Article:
18.10.14 (Published in Advaita Vision) Yes, V; that is the central issue: Has the world been created, or somehow emanated from the unmanifest dimension of Atman/Brahman, or has a world always existed along with Brahman as its manifestation? We can relate the first option to the doctrine of ‘aparent creation’, and the second to that of ‘no creation’. There would be a third option: ‘intermittent manifestation (mahapralaya)’, but this belongs to the world of mythology.
BECOMING, or BEING?
On a previous comment I quoted Shankara as saying that ‘what exists cannot cease to exist, and what exists not cannot come into existence’.
“How could being be produced from non-being?” (I queried in my last post), or, to put it the other way around, ‘How can non-being ‘become’ being?’ As we can see, this is not possible. Even considering that the world ‘comes’ ultimately from, or is caused by, God or Consciousness/Atman/Brahman, the doctrine that the effect is not other than the cause (or that the cause inheres in the effect) tells us that there is no cause for the world, no creation at all – and also, coincidentally, that there is no time involved. What is, is from all ‘time’, ever, as it were; it is always ‘there’.
The metaphysical doctrine of transcendence/immanence points at an apparent distinction, without need of calling forth time, for one can see it as timeless or instantaneous. Further, one can say, paradoxically, that “what is/appears to be ‘transcendent’ inheres, or is ‘immanent’, in the universe of ‘forms and names’”. All is One. The consequence, then, is that there is no such distinction or dichotomy ‘in reality’. This would also do away with the pair unmanifest-manifest. They are mere concepts (though with a provisional value or utility).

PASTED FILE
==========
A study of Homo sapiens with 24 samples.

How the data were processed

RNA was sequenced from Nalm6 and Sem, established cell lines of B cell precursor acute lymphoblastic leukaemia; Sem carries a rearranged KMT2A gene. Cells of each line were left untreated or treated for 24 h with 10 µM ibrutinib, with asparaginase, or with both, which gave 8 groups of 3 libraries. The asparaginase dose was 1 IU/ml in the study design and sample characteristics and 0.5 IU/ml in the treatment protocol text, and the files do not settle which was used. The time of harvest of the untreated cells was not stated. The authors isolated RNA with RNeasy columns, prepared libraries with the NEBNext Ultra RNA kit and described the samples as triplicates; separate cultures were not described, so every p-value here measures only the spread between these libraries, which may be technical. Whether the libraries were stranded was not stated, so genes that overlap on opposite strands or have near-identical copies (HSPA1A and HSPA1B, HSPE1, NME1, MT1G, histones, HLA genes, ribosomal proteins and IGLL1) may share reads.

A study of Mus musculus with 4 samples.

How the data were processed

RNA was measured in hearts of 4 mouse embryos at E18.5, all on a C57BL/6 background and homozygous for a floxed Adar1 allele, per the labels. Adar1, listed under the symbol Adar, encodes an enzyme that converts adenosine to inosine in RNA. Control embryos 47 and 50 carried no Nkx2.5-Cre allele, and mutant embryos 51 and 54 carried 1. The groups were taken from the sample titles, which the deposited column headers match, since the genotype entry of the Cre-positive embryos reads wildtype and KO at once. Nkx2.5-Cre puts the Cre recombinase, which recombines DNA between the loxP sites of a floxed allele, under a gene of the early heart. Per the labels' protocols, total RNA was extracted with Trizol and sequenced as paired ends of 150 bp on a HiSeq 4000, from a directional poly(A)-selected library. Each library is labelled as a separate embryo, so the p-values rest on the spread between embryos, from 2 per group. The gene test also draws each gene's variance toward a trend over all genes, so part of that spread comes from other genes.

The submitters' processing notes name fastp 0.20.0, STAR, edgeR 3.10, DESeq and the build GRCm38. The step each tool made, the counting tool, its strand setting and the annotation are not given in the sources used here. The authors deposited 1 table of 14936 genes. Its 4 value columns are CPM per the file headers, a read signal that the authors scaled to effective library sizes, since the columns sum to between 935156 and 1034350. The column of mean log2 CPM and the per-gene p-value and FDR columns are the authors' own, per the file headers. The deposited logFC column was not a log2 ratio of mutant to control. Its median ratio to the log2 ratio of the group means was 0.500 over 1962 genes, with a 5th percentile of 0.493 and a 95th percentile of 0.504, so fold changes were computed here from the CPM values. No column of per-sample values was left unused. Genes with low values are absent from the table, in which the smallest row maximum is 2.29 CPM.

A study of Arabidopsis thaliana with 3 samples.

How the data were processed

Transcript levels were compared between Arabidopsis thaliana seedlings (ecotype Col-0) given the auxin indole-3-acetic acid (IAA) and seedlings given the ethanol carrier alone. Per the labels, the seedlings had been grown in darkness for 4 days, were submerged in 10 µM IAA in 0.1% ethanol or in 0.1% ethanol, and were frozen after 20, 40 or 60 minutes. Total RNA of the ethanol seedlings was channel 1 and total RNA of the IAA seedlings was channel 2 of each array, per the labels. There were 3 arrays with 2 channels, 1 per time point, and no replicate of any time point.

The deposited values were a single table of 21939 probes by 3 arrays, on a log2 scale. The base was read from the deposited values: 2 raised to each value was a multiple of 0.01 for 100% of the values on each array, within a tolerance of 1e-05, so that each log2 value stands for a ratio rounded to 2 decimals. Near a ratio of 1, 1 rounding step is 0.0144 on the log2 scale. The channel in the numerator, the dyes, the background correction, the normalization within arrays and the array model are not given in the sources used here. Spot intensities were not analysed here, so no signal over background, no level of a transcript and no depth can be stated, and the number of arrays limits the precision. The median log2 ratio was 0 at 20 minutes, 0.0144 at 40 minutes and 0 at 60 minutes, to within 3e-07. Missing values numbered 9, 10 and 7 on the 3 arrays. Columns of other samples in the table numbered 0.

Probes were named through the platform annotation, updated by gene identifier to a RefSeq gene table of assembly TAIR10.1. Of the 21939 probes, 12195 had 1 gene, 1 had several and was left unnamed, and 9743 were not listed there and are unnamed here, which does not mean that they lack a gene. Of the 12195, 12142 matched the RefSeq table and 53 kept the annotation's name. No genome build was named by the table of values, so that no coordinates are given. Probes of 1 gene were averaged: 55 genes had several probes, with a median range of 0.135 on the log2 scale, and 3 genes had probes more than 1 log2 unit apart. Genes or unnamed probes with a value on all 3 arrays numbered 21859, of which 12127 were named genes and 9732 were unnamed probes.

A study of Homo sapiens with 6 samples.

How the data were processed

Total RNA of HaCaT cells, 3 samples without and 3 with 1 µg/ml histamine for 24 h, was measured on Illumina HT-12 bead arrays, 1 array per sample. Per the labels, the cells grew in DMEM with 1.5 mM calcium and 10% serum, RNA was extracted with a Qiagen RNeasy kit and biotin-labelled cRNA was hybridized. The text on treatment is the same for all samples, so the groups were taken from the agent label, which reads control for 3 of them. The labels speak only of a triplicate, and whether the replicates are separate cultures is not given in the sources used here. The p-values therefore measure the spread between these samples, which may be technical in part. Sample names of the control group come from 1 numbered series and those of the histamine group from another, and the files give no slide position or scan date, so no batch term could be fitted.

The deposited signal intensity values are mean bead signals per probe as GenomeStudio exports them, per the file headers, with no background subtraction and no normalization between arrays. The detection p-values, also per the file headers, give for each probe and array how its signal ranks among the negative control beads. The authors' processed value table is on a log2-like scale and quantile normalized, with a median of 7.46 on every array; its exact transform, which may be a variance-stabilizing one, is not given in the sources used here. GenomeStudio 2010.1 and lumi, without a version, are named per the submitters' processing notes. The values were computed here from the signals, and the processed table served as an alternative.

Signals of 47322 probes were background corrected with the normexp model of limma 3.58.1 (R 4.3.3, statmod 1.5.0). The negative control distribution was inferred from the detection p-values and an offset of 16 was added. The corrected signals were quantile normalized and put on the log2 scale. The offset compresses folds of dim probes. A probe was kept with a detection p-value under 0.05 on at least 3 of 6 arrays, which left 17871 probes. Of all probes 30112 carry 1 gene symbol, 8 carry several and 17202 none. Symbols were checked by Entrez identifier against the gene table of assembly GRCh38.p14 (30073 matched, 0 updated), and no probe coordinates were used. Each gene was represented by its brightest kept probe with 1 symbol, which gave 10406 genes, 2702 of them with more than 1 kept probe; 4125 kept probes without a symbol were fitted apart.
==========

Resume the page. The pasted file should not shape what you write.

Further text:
For, is Consciousness/Atman/Brahman transcendent, or is it so apparently and only to the limited (immature or unprepared) mind? Reality, Consciousness-Atman (or sat-chit), is a priori unchanging, immutable; and it is said that it is unknowable to or by the mind. But the awakened mind merges with pure Consciousness, and it is then understood that the apparent multiplicity of names, forms, the gross and the subtle, inner and outer, are nothing more than the way Reality or Consciousness shows itself, that ‘they’ are not separate or different from It. Reality, then, is self-evident.
So there is no becoming other than phenomenal appearance/appearing, only an ‘act’ of understanding – in the mind – which henceforth ceases to be mind and is transmuted, as it were, into pure Consciousness. This act (or ‘vision’) cannot be said to happen in or within time, and it certainly does not pertain to the ‘individual’ – it is timeless and, one could say, gratuitous. By this act or vision timelessness bursts into time, which, along with space, and everything else, is but a mere appearance, a presentation (or disguise) of the changeless Absolute.